MAKHACHKALA, Russia (Reuters) - Suicide bombers killed at least 12 people in Russia’s North Caucasus on Wednesday, two days after deadly attacks in Moscow that authorities linked to insurgents from the region.
A car packed with explosives blew up as police gave chase, and a bomber in a police uniform set off a second blast in a crowd of police who rushed to the scene, authorities said.
The coordinated attacks in the town of Kizlyar, in Dagestan region close to its border with Chechnya, were the latest outbreaks in a surge of violence in the Caucasus a decade after the Kremlin’s second of two wars against Chechen separatists.
The Dagestan bombings came 48 hours after Moscow was hit by its bloodiest attack in six years — twin morning rush-hour blasts that killed 39. Authorities blamed female suicide bombers with connections to the mainly Muslim North Caucasus.
Prime Minister Vladimir Putin said a single group could be behind the bombings in both Moscow and Dagestan.
“Yet another terrorist act has been committed. I do not rule out that it is one and the same gang acting,” he told a government meeting.
He called the attacks “a crime against Russia” and ordered Interior Minister Rashid Nurgaliyev to bolster the police presence in the North Caucasus.
Analysts and rights activists have warned that a further crackdown could be counterproductive, fuelling the Islamist insurgency rather than creating stability.
The Russian rouble weakened 3 kopecks versus the euro-dollar basket but was only 16 kopecks below a 15-month high, and traders said the currency did not move on the attack.
Russia’s main equities indexes rose slightly while the yields on Russian Eurobonds were little changed.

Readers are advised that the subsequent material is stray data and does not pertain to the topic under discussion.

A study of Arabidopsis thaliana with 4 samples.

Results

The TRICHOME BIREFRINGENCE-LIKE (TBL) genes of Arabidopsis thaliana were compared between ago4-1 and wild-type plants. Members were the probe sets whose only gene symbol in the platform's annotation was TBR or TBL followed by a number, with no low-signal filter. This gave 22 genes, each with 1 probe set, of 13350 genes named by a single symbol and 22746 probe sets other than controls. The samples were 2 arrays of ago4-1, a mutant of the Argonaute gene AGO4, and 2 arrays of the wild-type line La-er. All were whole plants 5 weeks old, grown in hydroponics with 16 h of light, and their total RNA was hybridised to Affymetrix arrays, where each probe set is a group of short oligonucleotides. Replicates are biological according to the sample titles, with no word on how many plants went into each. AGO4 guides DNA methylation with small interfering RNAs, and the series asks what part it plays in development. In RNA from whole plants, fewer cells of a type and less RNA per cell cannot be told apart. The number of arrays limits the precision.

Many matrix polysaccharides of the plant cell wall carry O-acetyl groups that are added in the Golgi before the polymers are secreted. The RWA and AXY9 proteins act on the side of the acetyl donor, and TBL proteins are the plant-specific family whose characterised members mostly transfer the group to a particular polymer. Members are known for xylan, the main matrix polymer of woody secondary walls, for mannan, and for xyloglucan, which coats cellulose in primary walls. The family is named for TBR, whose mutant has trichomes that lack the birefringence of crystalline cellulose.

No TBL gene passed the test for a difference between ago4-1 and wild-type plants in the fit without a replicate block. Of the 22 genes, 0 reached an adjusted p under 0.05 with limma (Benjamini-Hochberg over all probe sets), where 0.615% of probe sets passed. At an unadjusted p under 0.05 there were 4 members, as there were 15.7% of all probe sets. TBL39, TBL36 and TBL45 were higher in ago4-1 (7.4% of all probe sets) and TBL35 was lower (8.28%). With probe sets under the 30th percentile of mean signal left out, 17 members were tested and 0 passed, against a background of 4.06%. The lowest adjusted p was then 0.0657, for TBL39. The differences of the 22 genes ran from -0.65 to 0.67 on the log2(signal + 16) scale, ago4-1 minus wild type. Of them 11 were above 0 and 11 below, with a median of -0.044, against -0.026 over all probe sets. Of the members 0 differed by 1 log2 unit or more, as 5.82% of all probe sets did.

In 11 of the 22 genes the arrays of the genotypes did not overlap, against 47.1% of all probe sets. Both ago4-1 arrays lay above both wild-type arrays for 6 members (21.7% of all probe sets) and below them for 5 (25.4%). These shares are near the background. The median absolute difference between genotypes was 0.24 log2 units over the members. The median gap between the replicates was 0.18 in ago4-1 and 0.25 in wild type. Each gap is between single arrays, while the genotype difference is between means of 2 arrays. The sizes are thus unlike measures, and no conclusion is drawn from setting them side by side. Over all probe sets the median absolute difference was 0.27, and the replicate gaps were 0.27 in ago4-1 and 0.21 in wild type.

The attack in Kizlyar began when a car packed with explosives blew up after its driver ignored a command to halt and sped toward the center of town with police close behind, Nurgaliyev, the interior minister, said in televised comments.
The vehicle — a black four-wheel-drive Niva — exploded with the force of as much as 200 kilograms of TNT, Russian news agencies quoted prosecutorial investigators as saying. Two police officers were killed, Nurgaliyev said.
Twenty minutes later, a suicide bomber pushed his way into a crowd of police who had gathered at the site and detonated his explosives, killing Kizlyar police chief Vitaly Vedernikov and several other officers, authorities said.
After the blasts, two gutted cars stood near a deep crater on a debris-strewn street lined by bare trees. A red brick schoolhouse had its windows blown out and roof partly ripped off. A man’s severed head lay on the street.
Reports said there were no children in the school at the time of the blasts.
Luring police with one blast and then setting off a second is a common tactic of North Caucasus insurgents, who have been attacking law enforcement authorities almost daily.
The two explosions killed 12 people, including nine police officers and a prosecutorial investigator, and 23 people were hospitalized, the federal Investigative Committee said.
Dagestan, a predominantly Muslim province on the Caspian Sea with a patchwork of different ethnic groups, is plagued by violence stemming from the Islamic insurgency across the North Caucasus as well as criminal disputes and clan rivalries.
The Moscow metro attack fueled fears of a broader offensive by rebels based in the North Caucasus. It underscored the Kremlin’s failure to keep militants in check and confine violence to the region along Russia’s southern fringe.
President Dmitry Medvedev said the attacks this week were “links in one chain,” Russian news agencies reported.
He told a presidential Security Council meeting terrorists were trying “to sow fear and panic in the population. We will not allow this.” He said he had signed a decree aimed at improving security on public transport.
Putin, who in 1999 led Moscow into a war against Chechen separatists that sealed his rise to power, said on Tuesday it was “a matter of honor” to catch the organizers of the Moscow bombing and “scrape them from the bottom of the sewers.”
Medvedev has stressed the insurgency cannot be stopped by force alone and authorities must continue programs to attack problems such as poverty and corruption in the Caucasus.
“All of these must be realized, no matter what, because the key to many of these problems lies in the social and economic sphere,” Medvedev said on Wednesday.
Additional reporting by Darya Korsunskaya; writing by Steve Gutterman; editing by Tim Pearce.